Couples to wait a little longer to say ‘I do’April 8, 2020
By ALLEN LAMAN
Reminders of the day that Andy Chinn and Gabbie Terwiske were supposed to say “I do” are scattered inside their Dubois home. They arrived in the form of wedding gifts for a wedding that hasn’t happened.
A wooden banner announces “we decided on forever” on March 28, 2020. Another home decor block displays the same date, and a blanket sits embroidered with the Chinn family name, followed by “3-28-2020.”
That Saturday was supposed to signal the beginning of a new chapter of their lives together. It’s not that Andy and Gabbie have fallen out of love — they are still very much dreaming of the day they walk down the aisle and become husband and wife.
They just have to wait a little longer.
The spreading coronavirus has prompted weddings across the country to be postponed and rescheduled, further complicating an already incredibly involved and detailed planning process that many couples have been steeped in for months.
As would-be brides and grooms scramble to adjust their ceremonies and receptions, they are grappling with the emotional stress that comes with pushing back their big days. And then there’s the looming concern in the backs of their minds.
Will they have to go through this all over again in the near future?
“It’s kind of nice now [that] we have everything planned for this summer,” Andy said. “But it’s still kind of stressful at the same time. Knowing that it’s still up in the air. It still might not be allowed to happen.”
He and his fiancee were set to be married in front of about 400 people at St. Paul’s Lutheran Church in Haysville on that early spring day printed on their mementos. It was going to be a big wedding; Gabbie and Andy have big families, and they both coach sports teams at Northeast Dubois High School.
They are close with many in the community, and they didn’t want to cut anybody off their guest list. But as stricter social distancing directives came down from the government, they began to understand that safely having their perfect wedding was not an option.
Gabbie filled with anxiety after Gov. Eric Holcomb limited social gatherings to 250 people. In her gut, she knew that number would drop even lower, and when it did, she and Andy made the decision to postpone their matrimony until July 18 and rushed to inform their long list of friends and family.
“When we made that decision,” Gabbie recalled, “a ton of weight was just lifted.”
Their slowed-down time in isolation has only brought them closer, they explained, and it’s allowed them to strengthen their relationship even more ahead of their wedding.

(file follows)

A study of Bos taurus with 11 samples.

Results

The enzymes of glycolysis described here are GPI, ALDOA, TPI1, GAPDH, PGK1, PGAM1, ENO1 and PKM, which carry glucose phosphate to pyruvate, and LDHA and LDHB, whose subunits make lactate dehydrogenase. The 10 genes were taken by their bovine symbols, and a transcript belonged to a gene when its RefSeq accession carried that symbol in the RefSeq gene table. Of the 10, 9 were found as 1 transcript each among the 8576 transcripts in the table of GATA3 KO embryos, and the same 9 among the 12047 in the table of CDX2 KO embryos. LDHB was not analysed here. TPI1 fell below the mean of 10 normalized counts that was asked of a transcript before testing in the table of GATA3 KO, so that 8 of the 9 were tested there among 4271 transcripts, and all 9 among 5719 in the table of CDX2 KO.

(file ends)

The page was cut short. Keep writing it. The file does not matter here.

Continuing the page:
Kelli Hedinger and her fiance, Tim Schrieber, were set to say their vows on May 16 at St. Joseph Catholic Church in Jasper. Kelli was born and raised in Jasper, and she now lives in St. Louis.
Nearly 300 guests from throughout the country — as well as a few international travelers — were invited to join them in celebrating their love. Kelli said the day was going to be “what a lot of girls think about for a long time, and put a lot of planning and effort into.”
She and her fiance began that planning process immediately after their engagement last July. While envisioning and looking forward to the day is fun, a ton of work goes into making it just right, Kelli said. For her and Tim, that included breaking the lengthy process down in a month-by-month checklist.
“I was definitely into making sure I did everything the way I wanted it to be done so that we could have an amazing wedding” Kelli said. “We’re only going to get married once and it’s going to be one of the most important days of our lives. I wanted things to go the way we wanted them to go.”
COVID-19 slowly threw a wrench into the mix. First, the couple’s plans to honeymoon in Italy deteriorated. Kelli’s mind then gravitated to her wedding day, and she began to panic when she saw how the virus was spreading and affecting other parts of the world. That anxiety intensified when she saw how it began affecting other sections of the country.
In late March, Kelli and Tim officially postponed their wedding to Aug. 8. All of their vendors were “more than understanding,” Kelli said. She knows of other couples that are having to pay extra deposits or fees — added expenses that the St. Louis couple will not incur.
Still, she does feel a little apprehension about the new date because of all the question marks that extend into the future.
When Gina Norris and Chris Luker were married on Wednesday, March 25, the couple’s ceremony was significantly different from what they had planned. The two had envisioned a relaxed, casual celebration at Venue 1408 in Huntingburg, three days later, with around 160 of their closest friends and family members in attendance.
But there the Jasper couple was on March 25, in Montgomery, dressed informally to become husband and wife with no audience.
“We were going to keep our March 28th date, [but] with everything going on, we didn’t know if that would be possible,” Gina explained. “We didn’t know if everything would be shut down [and] we couldn’t go anywhere.”
Their wedding day was still special. With a laugh, though, Gina admitted it was “kind of awkward.” Not even family members were in attendance, and it was “definitely not how we thought our day would go,” she recalled.
They’d planned for a year — picking the location, assembling the guest list, hiring a photographer and selecting a DJ. But then, just before the event, Chris and Gina rushed to push their public ceremony and reception back to July 25 and pass word to their guests.
Things have been smooth since then. However, Gina is now concerned the new date could be in jeopardy.
“But I just keep telling myself that we’ll just have one great story to tell later down the road,” Gina said. “And so will the other brides and grooms that are in the same boat as us.”